A U.S. government human rights report is 'an amber light' for the human rights situation in Hong Kong, with some of the city's traditional freedoms under threat, commentators told RFA.
The State Department highlighted several areas of concern in its 2018 Human Rights Report published last week, in particular, "encroachment" by the ruling Chinese Communist Party in Beijing on Hong Kong's promised autonomy.
"Human rights issues included substantial interference with the rights of peaceful assembly and freedom of association [and] restrictions on political participation," the report said.
The report cited multiple sources as saying that Chinese operatives monitored some political activists, nongovernmental organizations (NGOs), and academics who criticized Beijing's policies in Hong Kong, which is supposed to be separate legal jurisdiction under the terms of the "one country, two systems" framework.
It also pointed to cross-border detentions and abductions, citing the disappearance of businessman Xiao Jianhua and the cross-border rendition of Hong Kong bookseller Gui Minhai, who is a Swedish citizen.
"Xiao’s and other abductions show the Chinese Central Government’s willingness to act contrary to the rule of law and undermine Hong Kong’s autonomy," the report said.
It said Hong Kong and Chinese officials had restricted, or sought to restrict, the right to express or report on political protest and dissent, particularly the notion of independence for Hong Kong.
The trial of dozens of protesters, including key figures, after the 2014 Occupy Central pro-democracy movement on public order charges had "raised the cost of protesting government policies and led to concerns the government was using the law to suppress political dissent."
The report also cited the jailing of two disqualified lawmakers, Sixtus Leung and Yao Wai-ching, last June for four weeks on "unlawful assembly" charges, following scuffles with Legislative Council security guards in 2016.
It said the banning of the pro-independence Hong Kong National Party (HKNP) last September was one example, while the disqualification of six pro-democracy lawmakers for "improperly" taking their oaths of allegiance was another.
The U.K.'s Foreign and Commonwealth Office (FCO) voiced concern at the time over the ban, which relied on colonial-era legislation under the Societies Ordinance that originally targeted criminal organizations, or "triads."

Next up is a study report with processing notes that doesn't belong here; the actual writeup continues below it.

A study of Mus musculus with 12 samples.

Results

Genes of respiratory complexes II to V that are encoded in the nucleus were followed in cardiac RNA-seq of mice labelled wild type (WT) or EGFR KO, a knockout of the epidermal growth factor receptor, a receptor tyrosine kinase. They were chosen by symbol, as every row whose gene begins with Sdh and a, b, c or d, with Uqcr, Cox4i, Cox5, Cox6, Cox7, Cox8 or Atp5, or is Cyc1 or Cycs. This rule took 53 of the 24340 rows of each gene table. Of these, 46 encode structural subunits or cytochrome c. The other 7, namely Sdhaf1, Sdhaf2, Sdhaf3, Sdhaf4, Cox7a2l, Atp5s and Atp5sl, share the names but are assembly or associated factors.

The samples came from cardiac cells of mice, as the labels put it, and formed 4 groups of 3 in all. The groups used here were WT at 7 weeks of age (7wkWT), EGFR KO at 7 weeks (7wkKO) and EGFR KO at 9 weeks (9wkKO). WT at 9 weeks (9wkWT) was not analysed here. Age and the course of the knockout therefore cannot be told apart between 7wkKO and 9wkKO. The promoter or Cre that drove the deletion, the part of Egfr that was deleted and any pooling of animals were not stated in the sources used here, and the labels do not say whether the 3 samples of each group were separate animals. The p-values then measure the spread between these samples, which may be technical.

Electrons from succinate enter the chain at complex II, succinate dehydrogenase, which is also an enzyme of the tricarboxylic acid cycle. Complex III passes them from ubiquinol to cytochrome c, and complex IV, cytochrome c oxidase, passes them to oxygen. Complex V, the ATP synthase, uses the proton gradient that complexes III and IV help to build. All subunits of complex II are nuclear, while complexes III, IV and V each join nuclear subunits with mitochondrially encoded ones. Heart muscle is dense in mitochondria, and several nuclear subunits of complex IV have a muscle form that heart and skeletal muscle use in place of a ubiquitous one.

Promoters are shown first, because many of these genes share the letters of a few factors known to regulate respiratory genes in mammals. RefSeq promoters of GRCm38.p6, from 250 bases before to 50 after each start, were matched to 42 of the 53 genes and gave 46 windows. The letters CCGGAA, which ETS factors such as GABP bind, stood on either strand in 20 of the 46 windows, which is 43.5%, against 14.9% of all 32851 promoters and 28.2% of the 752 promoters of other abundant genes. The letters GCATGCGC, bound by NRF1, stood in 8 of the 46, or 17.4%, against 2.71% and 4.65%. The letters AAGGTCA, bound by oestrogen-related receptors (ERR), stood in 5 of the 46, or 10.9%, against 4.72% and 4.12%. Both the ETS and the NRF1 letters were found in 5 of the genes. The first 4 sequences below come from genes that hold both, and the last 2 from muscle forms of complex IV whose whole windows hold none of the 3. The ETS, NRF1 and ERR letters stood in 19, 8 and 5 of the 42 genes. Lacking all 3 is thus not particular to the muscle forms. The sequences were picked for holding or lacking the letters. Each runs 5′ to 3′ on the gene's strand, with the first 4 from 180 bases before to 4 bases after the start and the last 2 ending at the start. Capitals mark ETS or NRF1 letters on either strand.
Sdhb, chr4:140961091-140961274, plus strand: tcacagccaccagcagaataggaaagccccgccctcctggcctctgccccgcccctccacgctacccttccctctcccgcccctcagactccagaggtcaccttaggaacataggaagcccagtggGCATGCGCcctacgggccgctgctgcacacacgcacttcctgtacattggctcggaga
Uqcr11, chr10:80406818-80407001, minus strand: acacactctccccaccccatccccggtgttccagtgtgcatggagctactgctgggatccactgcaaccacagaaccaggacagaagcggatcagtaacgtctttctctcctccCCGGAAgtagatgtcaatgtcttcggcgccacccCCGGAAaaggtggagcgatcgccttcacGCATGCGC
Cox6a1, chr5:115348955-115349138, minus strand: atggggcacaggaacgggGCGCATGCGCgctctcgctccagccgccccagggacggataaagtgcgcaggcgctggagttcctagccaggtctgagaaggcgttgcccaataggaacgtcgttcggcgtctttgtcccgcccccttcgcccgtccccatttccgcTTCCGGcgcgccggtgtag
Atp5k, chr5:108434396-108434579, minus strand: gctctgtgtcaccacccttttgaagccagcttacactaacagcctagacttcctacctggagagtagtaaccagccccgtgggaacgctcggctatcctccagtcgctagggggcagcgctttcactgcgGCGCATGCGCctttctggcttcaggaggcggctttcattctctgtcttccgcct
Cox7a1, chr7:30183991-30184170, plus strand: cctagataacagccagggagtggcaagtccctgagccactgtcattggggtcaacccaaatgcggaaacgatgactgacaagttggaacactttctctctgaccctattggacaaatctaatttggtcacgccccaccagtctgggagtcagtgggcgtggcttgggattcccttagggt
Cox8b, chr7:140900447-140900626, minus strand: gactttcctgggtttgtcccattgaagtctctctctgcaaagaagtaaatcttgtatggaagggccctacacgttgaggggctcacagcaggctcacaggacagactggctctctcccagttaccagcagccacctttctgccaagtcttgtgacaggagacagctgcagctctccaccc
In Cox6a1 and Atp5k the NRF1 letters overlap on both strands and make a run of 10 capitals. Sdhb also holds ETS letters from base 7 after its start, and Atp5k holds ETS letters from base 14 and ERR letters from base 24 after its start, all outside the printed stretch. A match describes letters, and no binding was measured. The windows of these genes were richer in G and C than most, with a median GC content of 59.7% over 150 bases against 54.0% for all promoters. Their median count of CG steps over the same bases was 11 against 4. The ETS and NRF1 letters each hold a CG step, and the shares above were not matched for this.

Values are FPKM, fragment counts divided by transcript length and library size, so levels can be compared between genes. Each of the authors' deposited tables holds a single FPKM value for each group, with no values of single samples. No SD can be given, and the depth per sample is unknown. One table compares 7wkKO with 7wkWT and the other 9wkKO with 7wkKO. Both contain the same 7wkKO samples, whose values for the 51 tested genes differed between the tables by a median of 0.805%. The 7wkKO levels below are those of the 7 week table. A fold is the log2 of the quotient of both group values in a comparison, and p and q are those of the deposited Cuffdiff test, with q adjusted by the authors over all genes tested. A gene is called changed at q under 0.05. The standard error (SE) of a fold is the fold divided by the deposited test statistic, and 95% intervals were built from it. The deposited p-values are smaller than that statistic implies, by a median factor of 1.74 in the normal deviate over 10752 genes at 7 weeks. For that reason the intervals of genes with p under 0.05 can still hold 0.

"The UK does not support Hong Kong independence, but Hong Kong's high degree of autonomy and its rights and freedoms are central to its way of life, and it is important they are fully respected," the statement said.
'An amber light'
Hong Kong political commentator Sang Pu said the State Department report had struck a note of warning to the international community.
"I don't think this is a red light, but it is an amber light," Sang told RFA, adding that a further deterioration could affect Hong Kong's international reputation as an open port.
"But if Hong Kong's human rights situation continues to deteriorate in the next couple of years ... for example, if we see more kidnappings, then I think the U.S. is very likely to abolish Hong Kong's status as a separate trading territory."
Another red flag would be the enactment of sedition, subversion and national security laws, as mandated by Article 23 of the city's mini-constitution, the Basic Law, Sang said.
Meanwhile, a national law passed by Beijing in September 2017 "criminalizes any action mocking the Chinese national anthem and requires persons attending public events to stand at attention and sing the anthem in a solemn manner during its rendition," the State Department report said, adding that Hong Kong will soon legislate to make the law apply in its own jurisdiction.
It also pointed to the effective expulsion from Hong Kong, the first since the handover, of Financial Times Asia news editor Victor Mallet, after he hosted at event at the Foreign Correspondents' Club featuring HKNP founder Andy Chan as the speaker.
The move came as the Hong Kong Journalists Association warned of increasing self-censorship among local journalists, often among media outlets with business interests in mainland China.
Pro-democracy lawmaker Alvin Yeung, who also heads Hong Kong's Civic Party, said he shares concerns over Hong Kong's reputation.
"Our most important competitor, Singapore, has free trade agreements with pretty much the rest of the world, and Hong Kong is lagging behind," Yeung said.
"Our international image is probably that Hong Kong wouldn't be capable of such a thing," he said. "Other countries might not be interested in pursuing free trade agreements with Hong Kong, because there are no benefits to doing so."
But pro-Beijing lawmaker Priscilla Leung said Hong Kong remains a free society.
"We have a very high level of human rights protection," Leung said. "I hope they aren't going to suppress our economic freedom under the guise of human rights."
Reported by Lu Xi for RFA's Mandarin Service, and by Lee Wang-yam for the Cantonese Service. Translated and edited by Luisetta Mudie.